If you’re new to attachment parenting, I strongly recommend reading this quick introduction by API. Here is a quote from this introduction that I love and wanted to share:
Constant physical contact
Sometime around the end of last summer, Kale stopped wanting to be worn. He actually started to resist being worn by me much earlier - probably around 12 months - when he really started walking. Kris continued to walk him to sleep in the sling most nights, until he was about 15 months. We were warned by many that once Kale started walking, he wouldn't want to be close to us as much. That he'd want to be exploring and showing his independence. So it was with a heavy heart that we packed our carriers and slings away. However, Kale continued to want to a lot of physical contact. He absolutely loves to explore and be independent, but he also loves to cuddle, and be carried, and to hold our hands. He likes to sleep with his head on our shoulder, tucked in under our wing. A lot of people have seen this and remarked that they wish their kids still liked to cuddle or nap in their arms. I totally think that wearing Kale for the first year and bedsharing with us has resulted in a two year old that still loves being close to his parents.
Respond to tantrums and strong emotions
Kris and I do our best to respond to Kale's emotions with sensitivity. It's not always easy. Actually, it's almost never easy - but we try our best. As a result, we haven't seen a lot of tantrums from Kale. Actually, I don't think I've ever seen a full-on tantrum. We've seen some meltdowns and some fits, but nothing I'd call a tantrum. When Kale was around one year old, Kris and I made a commitment not say 'no', but to explain why he couldn't have or do something. That lasted for about two months, until we realized we were being naive. Expecting a one year old to understand even simple sentences to explain things, regardless of the empathy in our voices, was expecting too much. It's taken us some time to figure out how to respond to strong emotions - how and when to say 'no' and when to hug and hold and explain things, but we're getting there. Again, I feel like everything we did in the first year - babywearing, breastfeeding, bedhsaring, etc. - helped us build a strong connection to Kale that has kept us in tune with his needs as he grew into toddlerhood.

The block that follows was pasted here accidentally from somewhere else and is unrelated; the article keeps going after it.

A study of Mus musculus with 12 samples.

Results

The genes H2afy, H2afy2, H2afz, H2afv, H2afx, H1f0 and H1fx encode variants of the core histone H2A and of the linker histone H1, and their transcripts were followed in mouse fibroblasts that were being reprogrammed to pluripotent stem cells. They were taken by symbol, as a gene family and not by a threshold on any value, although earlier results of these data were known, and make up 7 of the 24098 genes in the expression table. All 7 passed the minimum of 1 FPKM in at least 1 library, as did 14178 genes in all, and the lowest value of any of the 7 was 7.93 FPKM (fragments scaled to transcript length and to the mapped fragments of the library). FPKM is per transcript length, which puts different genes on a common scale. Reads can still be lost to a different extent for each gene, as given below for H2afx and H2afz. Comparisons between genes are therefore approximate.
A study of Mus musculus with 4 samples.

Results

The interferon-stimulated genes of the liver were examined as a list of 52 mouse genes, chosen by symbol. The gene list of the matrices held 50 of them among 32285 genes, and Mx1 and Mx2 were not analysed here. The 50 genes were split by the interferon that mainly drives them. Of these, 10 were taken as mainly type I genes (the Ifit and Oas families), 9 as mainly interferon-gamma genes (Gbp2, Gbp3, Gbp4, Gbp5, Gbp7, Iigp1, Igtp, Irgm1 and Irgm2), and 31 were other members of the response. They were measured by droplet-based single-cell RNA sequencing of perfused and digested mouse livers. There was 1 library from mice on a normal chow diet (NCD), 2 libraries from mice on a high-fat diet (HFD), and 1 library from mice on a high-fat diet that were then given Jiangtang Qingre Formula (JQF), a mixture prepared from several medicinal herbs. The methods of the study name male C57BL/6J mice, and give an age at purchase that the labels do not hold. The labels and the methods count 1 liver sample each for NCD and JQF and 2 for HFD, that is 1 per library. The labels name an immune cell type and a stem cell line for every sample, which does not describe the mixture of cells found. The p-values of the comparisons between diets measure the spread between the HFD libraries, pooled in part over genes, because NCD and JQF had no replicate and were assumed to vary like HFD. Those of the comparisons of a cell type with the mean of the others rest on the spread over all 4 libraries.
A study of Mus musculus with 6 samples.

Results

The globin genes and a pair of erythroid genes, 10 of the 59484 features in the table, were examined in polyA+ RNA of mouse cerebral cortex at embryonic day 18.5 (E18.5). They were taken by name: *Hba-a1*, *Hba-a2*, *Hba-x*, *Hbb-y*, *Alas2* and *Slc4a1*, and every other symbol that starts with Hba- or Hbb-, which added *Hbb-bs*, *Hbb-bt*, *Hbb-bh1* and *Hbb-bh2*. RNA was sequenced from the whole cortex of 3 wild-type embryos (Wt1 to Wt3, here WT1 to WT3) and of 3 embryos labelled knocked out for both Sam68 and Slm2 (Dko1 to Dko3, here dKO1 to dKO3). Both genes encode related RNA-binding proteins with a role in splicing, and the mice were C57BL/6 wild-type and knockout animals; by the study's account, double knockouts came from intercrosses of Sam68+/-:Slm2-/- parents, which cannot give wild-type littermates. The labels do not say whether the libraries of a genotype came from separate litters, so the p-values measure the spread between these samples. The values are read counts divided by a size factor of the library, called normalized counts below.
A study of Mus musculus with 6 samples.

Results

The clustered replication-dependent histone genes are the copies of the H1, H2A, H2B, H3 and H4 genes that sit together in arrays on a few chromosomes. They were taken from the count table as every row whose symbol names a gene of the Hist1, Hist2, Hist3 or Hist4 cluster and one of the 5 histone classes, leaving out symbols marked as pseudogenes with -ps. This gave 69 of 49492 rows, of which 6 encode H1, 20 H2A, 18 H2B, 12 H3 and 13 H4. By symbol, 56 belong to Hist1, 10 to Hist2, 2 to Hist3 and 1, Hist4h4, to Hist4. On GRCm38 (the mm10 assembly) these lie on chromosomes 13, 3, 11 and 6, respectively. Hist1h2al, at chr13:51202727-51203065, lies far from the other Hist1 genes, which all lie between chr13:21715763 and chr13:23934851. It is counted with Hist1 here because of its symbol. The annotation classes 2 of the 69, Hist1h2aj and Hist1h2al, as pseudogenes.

Provide a safe environment
In terms of a physical environment, we made some changes when Kale started walking to make sure it was safe for him. We actually got rid of a ton of furniture that had sharp corners or could fall over on him (I realize we could have made it safer, but we also wanted to open up space for him to run around). But more than the physical space, we have done our best to make sure Kale always feels safe. We don't push him into situations that he's uncomfortable with just to make someone else happy. We hold him when he's nervous and wants to be held. We say "that's ok" when he doesn't want to do something or talk to someone. At the same time, we encourage him to take risks, to move outside his comfort zone, to be independent. When Kale enters a new environment, we can see the wheels turning. He assess the situation, looks to us for reassurance, decides he feels safe, and jumps right in. Many advocates of attachment parenting saying that it promotes independence and I 100% agree with that and feel that as a toddler, we've seen truth to it.